Generating electricity from “waste” light can lower greenhouse production costs
Electricity is a major expense for Canadian greenhouse growers. At the same time, their large facilities offer potential to produce renewable solar energy – but the challenge to date has been how to do that without impacting the growth and productivity of the crop inside.
A potential solution from Ontario solar panel manufacturer Heliene is currently being trialed on half an acre in a commercial greenhouse in Grimsby as part of a project funded through the Greenhouse Renewable Energy Technologies (GRET) research and development initiative.
“This is a distributive energy project that marries crop growth with electricity generation capabilities,” explains Scott McLorie, Vice President of Business Development at Heliene. “This pilot is demonstrating that both crops and solar energy can be harvested from the same land footprint using our technology, offsetting the need to generate power using fossil fuels and lowering carbon emissions from the greenhouse sector.”
The Heliene greenhouse solar panels each contain an energy-producing photovoltaic cell that generates electricity both from the top where the sunlight strikes it and from any reflection coming from underneath, and a red polyurethane backsheet.
It’s this backsheet that transforms the green light spectrum into red before shining it on the plants below, while at the same time reflecting it back to the photovoltaic cell, which turns it into electricity that can be used in the greenhouse.
“The key is taking green light, which is less beneficial, and transforming that to red,” McLorie says. “Between that and the diffuse nature of the textured solar glass, we expect no reduction in plant growth.”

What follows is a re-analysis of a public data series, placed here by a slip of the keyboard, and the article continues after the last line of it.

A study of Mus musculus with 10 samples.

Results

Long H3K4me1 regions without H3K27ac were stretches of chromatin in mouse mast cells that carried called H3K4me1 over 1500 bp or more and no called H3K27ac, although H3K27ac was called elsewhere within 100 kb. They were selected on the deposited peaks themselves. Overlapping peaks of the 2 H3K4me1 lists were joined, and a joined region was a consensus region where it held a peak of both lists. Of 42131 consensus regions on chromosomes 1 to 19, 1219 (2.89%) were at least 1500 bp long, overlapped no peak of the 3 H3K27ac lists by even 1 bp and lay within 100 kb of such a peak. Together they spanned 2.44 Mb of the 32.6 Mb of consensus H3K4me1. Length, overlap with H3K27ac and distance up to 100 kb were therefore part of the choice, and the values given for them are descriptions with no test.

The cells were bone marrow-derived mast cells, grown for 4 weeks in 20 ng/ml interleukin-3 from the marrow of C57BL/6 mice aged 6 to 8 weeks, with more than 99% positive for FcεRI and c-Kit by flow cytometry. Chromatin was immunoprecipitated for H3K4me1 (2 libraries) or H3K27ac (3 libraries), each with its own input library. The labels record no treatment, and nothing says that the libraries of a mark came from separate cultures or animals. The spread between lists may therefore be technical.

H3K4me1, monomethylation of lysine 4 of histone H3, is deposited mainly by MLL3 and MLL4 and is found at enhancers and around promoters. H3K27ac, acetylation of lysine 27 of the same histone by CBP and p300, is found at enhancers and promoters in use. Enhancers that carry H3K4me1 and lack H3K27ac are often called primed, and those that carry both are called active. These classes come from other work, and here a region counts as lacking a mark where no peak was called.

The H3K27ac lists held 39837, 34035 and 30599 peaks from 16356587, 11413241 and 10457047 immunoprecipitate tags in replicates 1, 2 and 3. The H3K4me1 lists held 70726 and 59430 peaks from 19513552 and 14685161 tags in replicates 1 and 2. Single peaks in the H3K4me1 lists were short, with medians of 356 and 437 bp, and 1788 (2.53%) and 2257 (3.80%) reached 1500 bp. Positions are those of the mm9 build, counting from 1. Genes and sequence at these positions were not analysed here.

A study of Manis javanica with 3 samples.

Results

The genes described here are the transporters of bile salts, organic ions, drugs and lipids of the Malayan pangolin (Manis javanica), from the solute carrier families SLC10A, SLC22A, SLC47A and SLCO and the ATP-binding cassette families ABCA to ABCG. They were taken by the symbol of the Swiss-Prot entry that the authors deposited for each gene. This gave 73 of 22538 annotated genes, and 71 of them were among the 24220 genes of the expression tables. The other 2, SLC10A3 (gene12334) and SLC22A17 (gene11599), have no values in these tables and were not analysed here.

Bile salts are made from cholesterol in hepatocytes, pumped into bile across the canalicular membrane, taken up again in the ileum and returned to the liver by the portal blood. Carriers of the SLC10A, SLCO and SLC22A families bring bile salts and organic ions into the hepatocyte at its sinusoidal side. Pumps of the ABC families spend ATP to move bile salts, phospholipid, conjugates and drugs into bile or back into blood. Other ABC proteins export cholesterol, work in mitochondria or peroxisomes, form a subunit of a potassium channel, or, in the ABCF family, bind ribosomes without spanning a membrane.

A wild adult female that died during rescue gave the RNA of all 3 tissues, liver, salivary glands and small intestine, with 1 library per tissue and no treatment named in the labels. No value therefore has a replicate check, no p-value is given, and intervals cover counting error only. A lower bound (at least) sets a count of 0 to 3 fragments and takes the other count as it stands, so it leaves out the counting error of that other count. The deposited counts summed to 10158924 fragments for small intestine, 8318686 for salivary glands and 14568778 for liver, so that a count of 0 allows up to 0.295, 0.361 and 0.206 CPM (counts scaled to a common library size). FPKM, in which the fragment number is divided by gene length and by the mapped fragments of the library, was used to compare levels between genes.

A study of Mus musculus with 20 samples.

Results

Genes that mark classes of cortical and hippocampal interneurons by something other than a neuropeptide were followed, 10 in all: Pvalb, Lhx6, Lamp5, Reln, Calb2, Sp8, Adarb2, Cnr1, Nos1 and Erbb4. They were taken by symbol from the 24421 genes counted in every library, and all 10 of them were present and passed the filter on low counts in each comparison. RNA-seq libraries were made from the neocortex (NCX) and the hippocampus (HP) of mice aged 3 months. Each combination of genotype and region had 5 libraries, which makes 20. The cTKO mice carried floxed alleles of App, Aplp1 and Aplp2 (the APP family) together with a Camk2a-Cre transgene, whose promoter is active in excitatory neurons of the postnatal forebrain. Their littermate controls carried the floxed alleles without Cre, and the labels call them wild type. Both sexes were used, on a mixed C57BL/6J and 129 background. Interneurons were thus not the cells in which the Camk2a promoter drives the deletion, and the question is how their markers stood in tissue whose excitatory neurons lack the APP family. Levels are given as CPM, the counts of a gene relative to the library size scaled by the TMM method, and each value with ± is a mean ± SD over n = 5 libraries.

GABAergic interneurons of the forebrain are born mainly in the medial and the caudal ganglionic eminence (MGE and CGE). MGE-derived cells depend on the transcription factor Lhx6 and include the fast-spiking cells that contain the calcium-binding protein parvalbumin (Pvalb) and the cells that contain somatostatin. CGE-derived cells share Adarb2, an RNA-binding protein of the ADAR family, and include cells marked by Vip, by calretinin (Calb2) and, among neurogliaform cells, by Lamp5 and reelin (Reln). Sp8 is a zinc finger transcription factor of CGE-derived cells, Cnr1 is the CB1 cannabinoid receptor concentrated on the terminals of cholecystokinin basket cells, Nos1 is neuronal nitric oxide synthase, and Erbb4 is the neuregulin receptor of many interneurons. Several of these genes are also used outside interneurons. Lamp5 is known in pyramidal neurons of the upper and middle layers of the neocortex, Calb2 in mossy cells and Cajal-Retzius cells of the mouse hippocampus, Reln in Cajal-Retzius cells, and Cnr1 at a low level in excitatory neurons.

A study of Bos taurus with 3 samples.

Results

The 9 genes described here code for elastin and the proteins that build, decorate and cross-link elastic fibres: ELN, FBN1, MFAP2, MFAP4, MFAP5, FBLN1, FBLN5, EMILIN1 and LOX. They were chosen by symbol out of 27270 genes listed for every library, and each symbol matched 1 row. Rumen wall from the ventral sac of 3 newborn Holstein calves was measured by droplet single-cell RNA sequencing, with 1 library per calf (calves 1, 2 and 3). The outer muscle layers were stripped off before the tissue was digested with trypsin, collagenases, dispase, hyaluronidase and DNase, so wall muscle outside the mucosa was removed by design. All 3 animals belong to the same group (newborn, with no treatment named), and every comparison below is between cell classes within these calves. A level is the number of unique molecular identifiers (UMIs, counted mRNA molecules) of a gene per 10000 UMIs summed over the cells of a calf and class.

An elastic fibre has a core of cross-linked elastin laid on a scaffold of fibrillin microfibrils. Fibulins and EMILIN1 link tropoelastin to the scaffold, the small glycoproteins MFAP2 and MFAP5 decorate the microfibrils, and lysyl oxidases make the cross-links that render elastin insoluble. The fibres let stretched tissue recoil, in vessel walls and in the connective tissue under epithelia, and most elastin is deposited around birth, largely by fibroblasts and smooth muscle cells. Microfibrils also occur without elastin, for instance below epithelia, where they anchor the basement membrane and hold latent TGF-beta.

Students from Niagara College have been helping with the project, testing comparative growth under and outside of the trial solar panels; electricity generated through the pilot is used in the greenhouse. The trial includes 600 panel modules that were retrofitted into the roof of a 25-year old greenhouse building, with two different cell arrangements - a checkerboard and a stripe pattern – being tested for their impact on crop performance.
To date, the panels have been producing the equivalent of nine percent of the greenhouse’s annual electricity consumption without any negative impacts on production. In fact, the plants have been performing better and as an unexpected side benefit, the red light has been found to be hindering the growth of thrips, a known greenhouse pest.
“We’re very encouraged by the results so far, both the beneficial growth of the crops underneath the panels and the electricity that is being generated,” he says. “We’re using waste light to make environmentally friendly energy, which will lower production costs for growers.”
Installation costs will vary depending on whether a system is being retrofitted into an existing building or installed into a new build, but the company is confident there will be market demand for their first-of-its-kind technology.
“There is always hesitancy to do a big spend on something unknown, but this project can help remove some of those barriers by proving the technology can work on a commercial greenhouse scale,” he adds.